Negotiations remain at a standstill between Mayor Harold Rideau and Baton Rouge-based Geaux Benches regarding placing benches at bus stops in the city of Baker.

The City Council on Tuesday night voted unanimously to authorize Rideau to enter into a contract with the company, but Rideau gave no indication whether he intends to do so.

A proposed contract presented to the council would give the city 10 percent of gross revenues from sales of advertising on the benches for a period of eight years. Geaux Benches would also be responsible for maintaining the benches and surrounding grounds as well as removing any graffiti placed on the benches by vandals. The city would not pay any money directly to the company; the cost of the benches would be covered by advertising.

The disagreement between the company and Rideau centers around the percentage the city should receive, said Geaux Benches co-owner Carla Smith, who was present at the meeting with co-owner Kristi Smith. The company has been negotiating with the city since April, Carla Smith said.

Rideau has argued that the city should receive 20 percent of the gross revenues, Carla Smith said. The terms of the contract the company is offering to Baker are the same as the contract approved by Baton Rouge, she added.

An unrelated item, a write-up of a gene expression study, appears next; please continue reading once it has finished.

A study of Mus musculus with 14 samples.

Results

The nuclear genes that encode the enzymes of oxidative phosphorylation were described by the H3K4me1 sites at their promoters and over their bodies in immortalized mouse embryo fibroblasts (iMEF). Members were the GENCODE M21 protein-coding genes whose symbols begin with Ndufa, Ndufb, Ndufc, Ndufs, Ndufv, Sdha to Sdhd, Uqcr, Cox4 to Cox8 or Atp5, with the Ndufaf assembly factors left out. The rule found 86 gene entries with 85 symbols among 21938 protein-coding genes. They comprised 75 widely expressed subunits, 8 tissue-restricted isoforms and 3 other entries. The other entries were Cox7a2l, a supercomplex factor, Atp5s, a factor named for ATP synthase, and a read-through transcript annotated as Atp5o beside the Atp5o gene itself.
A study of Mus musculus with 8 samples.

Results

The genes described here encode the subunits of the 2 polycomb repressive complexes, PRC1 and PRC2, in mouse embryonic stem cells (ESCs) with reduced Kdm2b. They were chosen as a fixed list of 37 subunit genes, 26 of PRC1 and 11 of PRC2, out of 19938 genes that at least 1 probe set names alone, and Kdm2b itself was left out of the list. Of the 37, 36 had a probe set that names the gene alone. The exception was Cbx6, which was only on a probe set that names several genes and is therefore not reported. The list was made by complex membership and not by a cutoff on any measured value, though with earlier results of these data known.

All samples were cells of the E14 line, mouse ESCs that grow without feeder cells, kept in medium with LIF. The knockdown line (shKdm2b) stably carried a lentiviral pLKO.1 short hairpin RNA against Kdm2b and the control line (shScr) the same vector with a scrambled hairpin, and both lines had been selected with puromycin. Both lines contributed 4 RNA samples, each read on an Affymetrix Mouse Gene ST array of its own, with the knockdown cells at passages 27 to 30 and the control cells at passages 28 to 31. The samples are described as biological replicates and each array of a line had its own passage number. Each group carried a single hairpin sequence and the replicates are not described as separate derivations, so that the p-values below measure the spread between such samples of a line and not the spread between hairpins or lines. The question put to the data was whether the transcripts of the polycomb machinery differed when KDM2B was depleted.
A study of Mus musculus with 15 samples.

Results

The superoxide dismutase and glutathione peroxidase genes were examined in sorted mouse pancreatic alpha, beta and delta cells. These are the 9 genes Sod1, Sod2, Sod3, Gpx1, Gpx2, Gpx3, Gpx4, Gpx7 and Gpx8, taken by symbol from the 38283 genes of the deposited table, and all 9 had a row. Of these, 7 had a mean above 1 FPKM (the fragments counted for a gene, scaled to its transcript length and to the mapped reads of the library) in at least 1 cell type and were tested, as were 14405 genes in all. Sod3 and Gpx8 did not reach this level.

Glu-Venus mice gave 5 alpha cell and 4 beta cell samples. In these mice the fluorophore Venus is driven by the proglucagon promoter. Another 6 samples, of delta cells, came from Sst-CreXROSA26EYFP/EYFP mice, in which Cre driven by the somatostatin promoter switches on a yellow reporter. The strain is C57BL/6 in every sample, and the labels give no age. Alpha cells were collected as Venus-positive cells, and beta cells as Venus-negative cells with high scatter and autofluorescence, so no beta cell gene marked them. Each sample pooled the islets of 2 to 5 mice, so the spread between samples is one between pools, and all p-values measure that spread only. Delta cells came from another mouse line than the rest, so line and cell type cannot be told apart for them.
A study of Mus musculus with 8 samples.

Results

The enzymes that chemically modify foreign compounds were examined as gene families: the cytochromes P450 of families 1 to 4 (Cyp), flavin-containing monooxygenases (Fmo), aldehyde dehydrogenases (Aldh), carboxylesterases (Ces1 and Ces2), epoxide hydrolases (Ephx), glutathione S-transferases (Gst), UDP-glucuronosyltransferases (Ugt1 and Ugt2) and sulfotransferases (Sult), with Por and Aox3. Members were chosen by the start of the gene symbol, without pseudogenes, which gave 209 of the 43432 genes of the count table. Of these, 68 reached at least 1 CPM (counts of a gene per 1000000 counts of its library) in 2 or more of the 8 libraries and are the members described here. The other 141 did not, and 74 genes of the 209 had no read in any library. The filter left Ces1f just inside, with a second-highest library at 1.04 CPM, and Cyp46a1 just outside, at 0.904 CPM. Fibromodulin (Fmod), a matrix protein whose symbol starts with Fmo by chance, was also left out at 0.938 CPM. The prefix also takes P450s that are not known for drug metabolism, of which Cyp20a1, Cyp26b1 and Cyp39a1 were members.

“We build these benches in our backyard. We pour the concrete,” Kristi Smith said. “We are not going up to 20 percent. We have put our blood, sweat and tears into this.”

Councilwoman Joyce Burges said that constituents she has talked to in her district are in favor of the contract. “I think it would be a beautiful thing for the city,” she said.

“No one in here should believe that the mayor and the council don’t want people to have places to sit, but we need to respect the process (of contract negotiations) and not get into mudslinging,” city attorney Ken Fabre said.

“This contract is for eight years. I’m only going to be here (as mayor) for one year and nine months. Is it fair to the next mayor for me to enter into this contract? I have to think about these things,” Rideau said.

In other business, the council voted unanimously to form a committee to address overgrown vacant lots in Baker. The city currently lacks the funds and manpower to cut the grass on abandoned and vacant properties, Councilman Pete Heine said. He suggested the committee could look into the feasibility of contracting with a lawn care company in Baker to cut the grass on the lots. The money to pay the company could come from liens placed on the properties by the city, he said.

Any proposal by the committee would still need council approval before it could be implemented, Rideau clarified.

Committee members will include Heine, Burges, Fabre, city officials and an at-large member from the community.